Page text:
Naperville Area Homeowners Confederation dissolves after 45 years


The organization was known for giving its neighborhoods a powerful voice and providing them with the necessary resources to flourish.

Naperville Area Homeowners Confederation helps its neighbors

The group was chartered in 1979 as a not-for-profit corporation in Illinois, by original directors J. Jacob Kobus, Ann E. Kanter, Frank Scamardi, Peg Price, and Bruce Kamp.

“I am told that back in the late [1970s], there was a major development that was controversial planned for the area near 75th [Street] and Gartner and the group got together to lobby against it,” said Bob Fischer, past president of the NAHC.

The group was a voluntary umbrella organization involving several homeowners and homeowners associations. It was a community of neighbors helping neighbors achieve mutual goals.

The NAHC did this by creating a loud community voice for the neighborhoods, petitioning against developments residents were against, and offering advice, assistance, education, and resources to the homeowners associations involved.

“We provided access to attorneys who specialized in homeowners law. We provided access to landscape companies, [and] to arborists. If you needed these people, we could help you find them,” said Fischer.

The NAHC was also known for its monthly newsletters, and candidate and school board forums, where candidates sat with the organization and answered community questions.

The Naperville Area Homeowners Confederation begins facing challenges

At its peak in the mid-1990s, the group had 15 board members and over 100 homeowners associations in membership roles. In the early 2000s, its monthly 8:00 a.m. meetings would have 40 to 60 people in attendance. 

Early signs of difficulties began around 2012 when the NAHC struggled to find new volunteers to fill leadership roles in the group.

“In the last 20 years, individual homeowners willing to step up and take the heat for running their association became less and less popular, people just didn’t want the hassle, and more and more homeowners associations hired management companies to take care of them,” said Fischer.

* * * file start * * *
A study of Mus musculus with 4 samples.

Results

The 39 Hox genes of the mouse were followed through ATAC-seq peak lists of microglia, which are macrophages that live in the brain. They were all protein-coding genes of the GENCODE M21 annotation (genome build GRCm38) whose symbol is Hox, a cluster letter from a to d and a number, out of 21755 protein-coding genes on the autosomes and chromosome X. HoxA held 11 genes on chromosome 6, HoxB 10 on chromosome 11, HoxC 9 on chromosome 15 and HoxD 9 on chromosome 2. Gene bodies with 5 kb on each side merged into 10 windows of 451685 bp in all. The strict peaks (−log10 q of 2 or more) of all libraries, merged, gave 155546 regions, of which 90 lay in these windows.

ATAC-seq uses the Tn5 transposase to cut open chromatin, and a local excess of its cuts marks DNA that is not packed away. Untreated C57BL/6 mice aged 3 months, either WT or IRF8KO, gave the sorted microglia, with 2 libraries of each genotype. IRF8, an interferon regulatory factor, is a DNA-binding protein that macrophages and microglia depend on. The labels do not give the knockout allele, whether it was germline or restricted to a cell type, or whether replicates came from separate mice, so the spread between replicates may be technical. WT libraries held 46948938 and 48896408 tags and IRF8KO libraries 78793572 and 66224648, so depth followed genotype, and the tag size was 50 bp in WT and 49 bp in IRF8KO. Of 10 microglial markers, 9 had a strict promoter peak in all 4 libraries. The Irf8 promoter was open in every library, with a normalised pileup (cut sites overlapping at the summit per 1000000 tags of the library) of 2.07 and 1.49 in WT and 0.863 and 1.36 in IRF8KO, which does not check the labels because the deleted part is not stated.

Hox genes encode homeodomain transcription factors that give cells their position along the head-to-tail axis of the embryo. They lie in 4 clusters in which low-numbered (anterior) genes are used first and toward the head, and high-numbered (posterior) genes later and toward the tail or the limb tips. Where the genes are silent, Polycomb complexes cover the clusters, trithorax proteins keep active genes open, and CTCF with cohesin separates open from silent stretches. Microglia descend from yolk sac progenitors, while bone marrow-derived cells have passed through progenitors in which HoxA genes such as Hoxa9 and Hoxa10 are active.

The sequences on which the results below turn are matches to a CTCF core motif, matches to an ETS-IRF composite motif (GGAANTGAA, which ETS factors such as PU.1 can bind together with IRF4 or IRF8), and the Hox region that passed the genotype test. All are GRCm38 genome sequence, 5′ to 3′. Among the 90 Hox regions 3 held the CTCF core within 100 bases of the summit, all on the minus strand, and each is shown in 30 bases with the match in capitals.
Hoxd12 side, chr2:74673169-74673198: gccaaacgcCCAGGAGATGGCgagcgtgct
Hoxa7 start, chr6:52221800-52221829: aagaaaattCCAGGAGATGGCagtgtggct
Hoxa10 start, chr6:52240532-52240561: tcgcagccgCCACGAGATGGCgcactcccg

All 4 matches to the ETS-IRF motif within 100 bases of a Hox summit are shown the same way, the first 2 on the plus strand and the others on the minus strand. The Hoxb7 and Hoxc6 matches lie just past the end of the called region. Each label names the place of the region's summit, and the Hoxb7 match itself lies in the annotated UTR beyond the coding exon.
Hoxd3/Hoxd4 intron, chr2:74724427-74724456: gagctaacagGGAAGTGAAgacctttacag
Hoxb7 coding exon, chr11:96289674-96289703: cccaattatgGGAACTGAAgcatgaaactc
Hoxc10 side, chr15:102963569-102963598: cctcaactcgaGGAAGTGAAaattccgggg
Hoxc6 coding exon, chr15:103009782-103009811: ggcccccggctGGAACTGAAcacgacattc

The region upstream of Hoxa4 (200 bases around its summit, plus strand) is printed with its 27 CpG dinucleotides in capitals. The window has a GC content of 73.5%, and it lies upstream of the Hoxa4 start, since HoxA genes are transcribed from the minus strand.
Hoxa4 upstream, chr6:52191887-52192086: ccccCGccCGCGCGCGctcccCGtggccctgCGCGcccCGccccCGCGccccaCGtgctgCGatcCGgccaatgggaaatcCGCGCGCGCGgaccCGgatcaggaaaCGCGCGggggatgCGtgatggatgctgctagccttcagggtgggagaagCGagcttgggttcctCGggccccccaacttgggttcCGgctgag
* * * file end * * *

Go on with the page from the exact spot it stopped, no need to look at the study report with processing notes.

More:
The situation worsened as years passed with the final blow coming in 2020 when the COVID-19 pandemic hit. The NAHC scheduled its last public meeting for March 21, 2020, but the lockdown prevented the meeting from happening and the group never met again.

Its last event was a municipal election candidate forum in 2023 before calling it quits that year after its final newsletter in May. Despite its efforts to stay afloat, the remaining five members decided to officially dissolve the group this past May.

“We kept the lights on for a year and finally decided that it was time to divvy up the treasury. Give it to people who could make some use out of it,” said Fischer.

The board divided its funds among NCTV17, 360 Youth Services, and Loaves & Fishes Community Services, in a Facebook post the group said.

Preserving the group’s history

Fischer plans to leave an archive of the Naperville Area Homeowners Confederation’s history at Naper Settlement to preserve the memory of the group’s contributions to the community. Though the organization is no longer active, Fischer hopes the NAHC’s purpose will live on.

“I’d like to see some active voices who are not necessarily doctrinaire voices, but people who care about their neighbors, care about their neighborhoods, who are willing to go out and take the time to go and tell the city leadership, tell the park district leadership, ‘this is what we’d like to see happen,” said Fischer.